Sunday, August 13, 2006

Student guardians very welcome

New MOM policy for 'study mamas'?
Letter from Andrew Teo
Voices, Today, 15th July 2006

I refer to the recent issue of "study mamas". The question is not what jobs they are or are not allowed to work at, but why they are even allowed to work here in the first place.

Will banning these mothers from masseuse jobs simply mean they will find other ways to "service" men here? It's just a matter of time before these "foreign talents" get creative and find other loopholes to exploit.

My Indonesian maid has been of great help to us, and she (and many other maids in Singapore) has the right to be with her children. Yet, are Indonesians allowed to bring their children here to study while they work as maids? Why not?

They don't work as masseuses, so they don't cause any trouble. In fact, they will work harder if their children are here.

My wife and I are willing to let my maid's child live with our family. We are most willing to pay for the child's expenses because our maid deserves this form of assistance.

When my wife and I were studying in New York, we had to show our bank accounts to the authorities as proof that we had enough funds to survive in the United States. Our tuition fees were approximately $15,000 per quarter, yet we were only given an F1 visa, which allowed us to work only within the university campus. A student's accompanying spouse was given an F2 visa, which didn't allow any sort of employment. Spouses were regarded as dependents.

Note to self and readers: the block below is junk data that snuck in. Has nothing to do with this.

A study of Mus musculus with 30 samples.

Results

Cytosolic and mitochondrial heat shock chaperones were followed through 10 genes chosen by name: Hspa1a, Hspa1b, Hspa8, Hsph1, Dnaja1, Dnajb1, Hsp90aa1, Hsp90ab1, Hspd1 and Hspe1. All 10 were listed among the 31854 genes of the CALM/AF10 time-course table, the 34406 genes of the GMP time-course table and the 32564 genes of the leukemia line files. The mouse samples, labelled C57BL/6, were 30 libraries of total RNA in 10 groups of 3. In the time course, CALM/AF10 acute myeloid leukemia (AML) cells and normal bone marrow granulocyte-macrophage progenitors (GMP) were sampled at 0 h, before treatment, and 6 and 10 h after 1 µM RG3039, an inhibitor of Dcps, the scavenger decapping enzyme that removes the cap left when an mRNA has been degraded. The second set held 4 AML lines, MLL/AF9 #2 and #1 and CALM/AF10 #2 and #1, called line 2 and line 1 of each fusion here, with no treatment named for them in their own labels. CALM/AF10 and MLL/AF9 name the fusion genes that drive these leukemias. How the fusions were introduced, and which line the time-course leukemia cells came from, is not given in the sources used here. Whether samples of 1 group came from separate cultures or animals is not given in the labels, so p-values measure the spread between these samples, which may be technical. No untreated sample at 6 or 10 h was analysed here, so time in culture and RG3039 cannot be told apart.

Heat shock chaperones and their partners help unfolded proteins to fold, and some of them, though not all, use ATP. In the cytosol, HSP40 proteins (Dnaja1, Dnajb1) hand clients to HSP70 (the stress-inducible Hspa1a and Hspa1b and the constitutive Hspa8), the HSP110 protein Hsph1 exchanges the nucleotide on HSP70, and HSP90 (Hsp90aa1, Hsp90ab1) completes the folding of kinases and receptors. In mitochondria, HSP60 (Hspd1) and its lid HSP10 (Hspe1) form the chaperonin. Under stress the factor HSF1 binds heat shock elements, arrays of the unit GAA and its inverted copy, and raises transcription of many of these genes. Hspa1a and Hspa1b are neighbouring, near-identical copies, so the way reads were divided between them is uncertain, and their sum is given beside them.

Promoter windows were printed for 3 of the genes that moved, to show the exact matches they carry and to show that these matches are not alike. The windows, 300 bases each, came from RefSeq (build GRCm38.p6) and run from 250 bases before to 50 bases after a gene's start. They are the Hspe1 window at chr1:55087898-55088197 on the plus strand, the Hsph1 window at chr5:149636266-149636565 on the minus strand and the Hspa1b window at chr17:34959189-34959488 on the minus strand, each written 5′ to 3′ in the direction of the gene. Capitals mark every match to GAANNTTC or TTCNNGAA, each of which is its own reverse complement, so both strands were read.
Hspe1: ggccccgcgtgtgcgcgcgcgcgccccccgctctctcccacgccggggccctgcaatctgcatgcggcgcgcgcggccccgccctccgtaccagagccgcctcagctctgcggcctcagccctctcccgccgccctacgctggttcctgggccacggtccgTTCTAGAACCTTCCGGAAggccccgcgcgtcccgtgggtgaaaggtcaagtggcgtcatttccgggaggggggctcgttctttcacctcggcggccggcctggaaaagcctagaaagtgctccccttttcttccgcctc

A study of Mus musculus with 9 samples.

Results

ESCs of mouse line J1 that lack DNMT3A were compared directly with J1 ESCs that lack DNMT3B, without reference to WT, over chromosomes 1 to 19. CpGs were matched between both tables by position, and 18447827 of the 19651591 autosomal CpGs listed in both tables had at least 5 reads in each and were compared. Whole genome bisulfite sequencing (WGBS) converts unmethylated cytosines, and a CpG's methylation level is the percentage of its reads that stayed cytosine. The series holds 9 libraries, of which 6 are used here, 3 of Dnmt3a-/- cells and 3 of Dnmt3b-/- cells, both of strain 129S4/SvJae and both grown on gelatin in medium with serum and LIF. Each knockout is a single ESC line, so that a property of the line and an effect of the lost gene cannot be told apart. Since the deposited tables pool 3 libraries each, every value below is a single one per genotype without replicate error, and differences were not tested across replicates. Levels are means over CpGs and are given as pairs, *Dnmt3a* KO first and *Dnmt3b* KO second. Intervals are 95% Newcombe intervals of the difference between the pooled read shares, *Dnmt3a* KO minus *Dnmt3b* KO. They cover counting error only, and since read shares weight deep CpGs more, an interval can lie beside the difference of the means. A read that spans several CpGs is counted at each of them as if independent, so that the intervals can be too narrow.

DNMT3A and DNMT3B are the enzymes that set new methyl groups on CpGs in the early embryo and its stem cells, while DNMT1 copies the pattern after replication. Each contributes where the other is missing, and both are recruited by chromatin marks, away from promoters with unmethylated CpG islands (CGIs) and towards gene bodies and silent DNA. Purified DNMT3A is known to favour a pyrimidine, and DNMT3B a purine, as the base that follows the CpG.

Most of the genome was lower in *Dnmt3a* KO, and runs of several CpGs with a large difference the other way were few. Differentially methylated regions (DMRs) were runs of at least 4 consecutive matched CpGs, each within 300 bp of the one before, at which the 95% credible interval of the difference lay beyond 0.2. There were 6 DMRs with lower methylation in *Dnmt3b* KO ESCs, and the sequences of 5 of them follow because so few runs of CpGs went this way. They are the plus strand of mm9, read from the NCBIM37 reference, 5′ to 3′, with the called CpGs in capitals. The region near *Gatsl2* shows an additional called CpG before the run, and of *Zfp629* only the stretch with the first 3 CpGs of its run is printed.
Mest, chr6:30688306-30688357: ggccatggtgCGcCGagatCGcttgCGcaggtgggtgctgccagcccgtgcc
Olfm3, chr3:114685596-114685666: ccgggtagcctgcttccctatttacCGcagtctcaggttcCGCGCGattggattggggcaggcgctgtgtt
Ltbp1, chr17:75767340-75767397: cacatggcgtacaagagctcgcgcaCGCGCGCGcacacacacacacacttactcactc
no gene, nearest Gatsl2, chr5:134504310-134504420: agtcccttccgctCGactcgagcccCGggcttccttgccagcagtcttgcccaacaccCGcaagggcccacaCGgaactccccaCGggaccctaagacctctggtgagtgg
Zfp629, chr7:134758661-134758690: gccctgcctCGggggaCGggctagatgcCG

There are many other types of visas, but my point is this: The Ministry of Manpower needs more sophisticated policies that cater to different situations and nationalities. The study mamas should never be allowed to work here in the first place.

Another concern: Should not the children of these foreigners be enrolled in international schools here? Why let them into our public schools, and on what criteria do they get accepted?
I had, earlier, written about this issue.
The letter-writer too questioned the level of sophistication of our visa policies. The way it is currently drafted, our policy of granting work visas for student guardians effectively means that Singaporeans are funding the education of these foreign students. And I thought the Government had been promoting our education services as a means to earn foreign exchange and boost our GDP!
Going by the Australian and the US examples, Singapore's policies on student guardians could well be one of the most liberal around.
This is yet another example why Singaporeans feel that foreigners receive very good treatment, sometimes even better than locals.